As though the Facebook-Cambridge Analytica scandal wasn't enough, a new report states that the social giant was also planning to gather medical information from a few hospitals. The mission also roped in a secret doctor.
Facebook has been reportedly speaking with hospitals last year to gather information about users’ health data. Reported by CNBC, the aim is to collect the anonymized patient’s data and match it up with the user data it had collected. As part of a proposed research project, the anonymized data includes patient’s illnesses and the prescriptions allotted to them by their respective hospitals.
However, the research project has taken a pause due to the ongoing Cambridge Analytica's data breach debacle. Since the debacle was about collecting users data and 'selling' it to the political gains, this other project might have halted for a while.
"This work has not progressed past the planning phase, and we have not received, shared, or analyzed anyone's data," a Facebook spokesperson told CNBC.
Facebook has been reportedly talking to numerous health organisations, including Stanford Medical School and American College of Cardiology, regarding the user-data-sharing agreement.
The company claims the data shared would be anonymous that means not knowing any user/patient’s name or whatsoever. Using a proposed computer science technique named “hashing” the collected anonymous health data would match the user data set that the company has collected. Facebook says all this data would only be collected for medical community research only.
As mentioned on CNBC, “For instance, if Facebook could determine that an elderly patient doesn't have many nearby close friends or much community support, the health system might decide to send over a nurse to check in after a major surgery.”
With the ongoing scenario, this proposed project would have raised concerns amongst the users; since their data is being collected might be misused similar to the Cambridge’s data breach scandal.
According to CNBC, this investigative effort of sharing medical data was led by an interventional cardiologist called Dr Freddy Abnousi and this proposal was under the purview of Regina Dugan, the head of Facebook’s “Building 8” program. Freddy's role on his LinkedIn account states that he is 'leading top-secret projects.'
Facebook provided a quote from Cathleen Gates, the interim CEO of the American College of Cardiology, explaining the possible benefits of the plan:
"For the first time in history, people are sharing information about themselves online in ways that may help determine how to improve their health. As part of its mission to transform cardiovascular care and improve heart health, the American College of Cardiology has been engaged in discussions with Facebook around the use of anonymized Facebook data, coupled with anonymized ACC data, to further scientific research on the ways social media can aid in the prevention and treatment of heart disease—the no. 1 cause of death in the world. This partnership is in the very early phases as we work on both sides to ensure privacy, transparency and scientific rigour. No data has been shared between any parties."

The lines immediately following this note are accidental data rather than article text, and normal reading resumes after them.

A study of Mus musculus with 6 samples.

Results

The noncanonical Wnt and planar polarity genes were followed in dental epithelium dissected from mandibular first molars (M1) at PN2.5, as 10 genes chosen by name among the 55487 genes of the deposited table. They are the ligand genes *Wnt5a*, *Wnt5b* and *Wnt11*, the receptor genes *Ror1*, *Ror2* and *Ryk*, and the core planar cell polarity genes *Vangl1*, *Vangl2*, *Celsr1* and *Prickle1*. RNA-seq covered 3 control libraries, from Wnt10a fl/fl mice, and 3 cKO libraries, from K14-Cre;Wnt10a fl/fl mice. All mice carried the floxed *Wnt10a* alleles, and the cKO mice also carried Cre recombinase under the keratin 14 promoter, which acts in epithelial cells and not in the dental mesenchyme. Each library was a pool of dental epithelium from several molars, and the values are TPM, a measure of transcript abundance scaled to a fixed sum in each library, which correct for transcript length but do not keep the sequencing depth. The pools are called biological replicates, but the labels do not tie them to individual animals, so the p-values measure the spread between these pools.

On the other hand, health institutions are utterly careful on sharing patient’s data due to the stricter federal privacy and state laws. Keeping this mind, Facebook proposed to obscure personally identifiable information, such as names, in the data being shared by both sides.
However, in early 2014, there have been reports that Facebook has manipulated thousands of several user's news feeds to apparently study whether certain types of content made people happier or sadder. Facebook later apologised for the study.
Furthermore, the health policy experts have raised concerns about the privacy of the users, with this Facebook’s collecting health data initiative.
According to CNBC report, Facebook had issued a statement, when asked about the plans of the initiative, which states,
"The medical industry has long understood that there are general health benefits to having a close-knit circle of family and friends. But deeper research into this link is needed to help medical professionals develop specific treatment and intervention plans that take social connection into account."
"With this in mind, last year Facebook began discussions with leading medical institutions, including the American College of Cardiology and the Stanford University School of Medicine, to explore whether scientific research using anonymized Facebook data could help the medical community advance our understanding in this area. This work has not progressed past the planning phase, and we have not received, shared, or analyzed anyone's data."
"Last month we decided that we should pause these discussions so we can focus on other important work, including doing a better job of protecting people's data and being clearer with them about how that data is used in our products and services."
Initially, this proposed collection of user-health-data project’s primary focus was on cardiovascular health of the patients; however, people are still concerned about Facebook collecting their data and they still believe that the data might be in jeopardy.
Facebook has recently admitted that information of up to 87 million people, mostly in the US, may have been improperly shared with the British political consultancy firm Cambridge Analytica.